August 28, 2017

Looking Back on My Beginning

Those of you who weren't around back then might not know that the very first thing I published was a collection of poetry. Fitting, since the very first thing I ever had published was a poem in a national young poets anthology. 

For a while now, I haven't done much with that collection, though it's continued to be available online. (I also have a few print copies available.) Occasionally, I go back and read some of the pieces included, most written over a decade ago. Sometimes they make me cringe; but sometimes they make me feel. More likely it depends on my own mood at the time. I certainly appreciate the positive reviews readers left back when the collection first came out!

For some reason, today (the day I wrote this post, anyway) was one of those days when I was drawn to reread the collection. I also decided to drop the price to $0.99. Maybe some of the pieces will speak to some of you—in which case I hope you'll let me know! 💕 

Here's one of the pieces from this collection that's closest to my heart:

August 1, 2017

Hazards of Outlining for a Pantser

August 1st, 2017. Can you believe it? (Really, can you?) I can't. But rather than dwell on that disturbing reality, I wanted to talk about outlines.

Plotters—people who like to plan (often every detail of) their stories before beginning to write—swear by things like outlines. They frequently advise everyone to figure out what the story will look like, chapter by chapter or even scene by scene, to make sure that the story hits the plot arc when necessary, that it comes together into a cohesive and hopefully compelling story. They swear by this method, because it saves time in revisions, keeps the writer focused when writing, and allows the drafting process to be so much faster! 

For them. 

As a pantser—the type of writer who prefers to sit down to a blank page and see where the story goes—outlines can often end up to be tremendous wastes of time. And let's not forget, all that time plotters "save" on writing, they're probably using on outlining. And because that works for them, letting them focus on the drafting with everything already figured out, that's great!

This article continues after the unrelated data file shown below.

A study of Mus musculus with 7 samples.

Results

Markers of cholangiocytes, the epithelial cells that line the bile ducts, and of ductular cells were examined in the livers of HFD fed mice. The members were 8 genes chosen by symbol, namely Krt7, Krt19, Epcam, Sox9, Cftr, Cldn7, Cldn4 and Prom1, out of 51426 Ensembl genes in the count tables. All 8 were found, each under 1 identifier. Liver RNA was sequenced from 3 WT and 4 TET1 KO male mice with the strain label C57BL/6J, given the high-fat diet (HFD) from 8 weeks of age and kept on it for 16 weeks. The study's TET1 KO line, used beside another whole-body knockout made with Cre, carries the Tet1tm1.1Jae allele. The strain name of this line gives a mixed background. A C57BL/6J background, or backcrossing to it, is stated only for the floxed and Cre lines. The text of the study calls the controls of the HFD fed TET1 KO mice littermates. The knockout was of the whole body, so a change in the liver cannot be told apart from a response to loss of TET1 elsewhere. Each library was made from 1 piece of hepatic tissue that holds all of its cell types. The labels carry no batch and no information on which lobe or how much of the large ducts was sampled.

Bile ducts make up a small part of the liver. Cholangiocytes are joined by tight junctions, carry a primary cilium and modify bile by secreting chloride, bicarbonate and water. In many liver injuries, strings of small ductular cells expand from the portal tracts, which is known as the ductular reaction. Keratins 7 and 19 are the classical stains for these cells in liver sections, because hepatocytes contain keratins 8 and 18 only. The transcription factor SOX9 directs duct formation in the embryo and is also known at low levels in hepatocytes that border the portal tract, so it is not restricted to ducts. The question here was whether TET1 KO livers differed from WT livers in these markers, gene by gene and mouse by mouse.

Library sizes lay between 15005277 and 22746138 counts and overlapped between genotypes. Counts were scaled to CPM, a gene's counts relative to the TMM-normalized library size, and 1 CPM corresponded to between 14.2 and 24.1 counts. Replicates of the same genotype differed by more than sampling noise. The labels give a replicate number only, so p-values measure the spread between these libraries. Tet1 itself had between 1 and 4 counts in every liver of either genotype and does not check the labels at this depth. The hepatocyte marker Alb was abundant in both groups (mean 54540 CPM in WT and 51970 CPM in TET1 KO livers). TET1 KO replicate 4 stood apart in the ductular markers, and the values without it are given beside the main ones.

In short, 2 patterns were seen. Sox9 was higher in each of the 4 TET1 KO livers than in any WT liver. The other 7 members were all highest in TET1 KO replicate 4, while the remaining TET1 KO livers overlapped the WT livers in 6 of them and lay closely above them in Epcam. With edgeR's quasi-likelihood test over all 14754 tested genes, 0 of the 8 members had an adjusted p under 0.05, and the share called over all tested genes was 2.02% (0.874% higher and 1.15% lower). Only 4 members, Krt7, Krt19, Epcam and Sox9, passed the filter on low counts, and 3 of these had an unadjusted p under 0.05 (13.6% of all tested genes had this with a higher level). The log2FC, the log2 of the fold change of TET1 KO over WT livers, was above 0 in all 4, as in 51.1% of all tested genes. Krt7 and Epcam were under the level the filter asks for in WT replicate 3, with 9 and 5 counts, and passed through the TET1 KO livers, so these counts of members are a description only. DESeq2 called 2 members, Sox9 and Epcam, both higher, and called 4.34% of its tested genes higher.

But lately I keep seeing people really pushing every writer to outline. And some newer writers, even ones who know they're pantsers, end up pressured—or even bullied—into doing it, having been assured it's the way "real" writers do it. 

Well, there are reasons pantsers don't. Something I was reminded of quite recently. 

Stuck on a plane, I was actually reading a book—hard to believe, I know. Except this book's core premise was ticking me off a bit, and as much as I tried to keep going, every mention of this one aspect to the female MC irked me. So I had the idea of doing the opposite. How could I make it happen, and make it believable?

Over the rest of the flight, I wrote out a brief outline of what that story could look like, who these two MCs would be and how they could believably connect with each other while dealing with this "BIG ISSUE." I ended up writing over 2,000 words. 

So why is this a problem?

For one thing, pantsers who do try planning often find all that time and effort wasted once they (ahem, we) try to write. While I don't tend to outline, I've certainly jotted down notes with plans for later scenes in a WIP. Invariably, those ideas never come to fruition because that's just not how the story comes out. When it came to Bobby's story, trying to stick to the plan I mentally started with resulted in a huge block until I finally threw out that whole preconceived notion of how the story should go and got back to just writing.

For another, and I'm speaking for myself here but probably for some other pantsers as well: we get bored. Once I know how the story goes, how the characters meet, what their conflict is, and how that conflict ends up resolved—if I've already figured out all of those scene-by-scene details—I just don't have that much interest left in writing that story. 

So now I have those 2000 words and an outline. A part of me still hopes I'll end up quickly drafting out a full story someday (once I'm done with the current novella of course). But chances are greater that story, those characters, will never see the light of day. Maybe if I hadn't been on a plane, typing notes on an iPad (so uncomfortable), things would have been different.

Because for pantsers, figuring out all those pieces and getting them to fit together, seeing the story unfold from our words... Well, that's half the fun.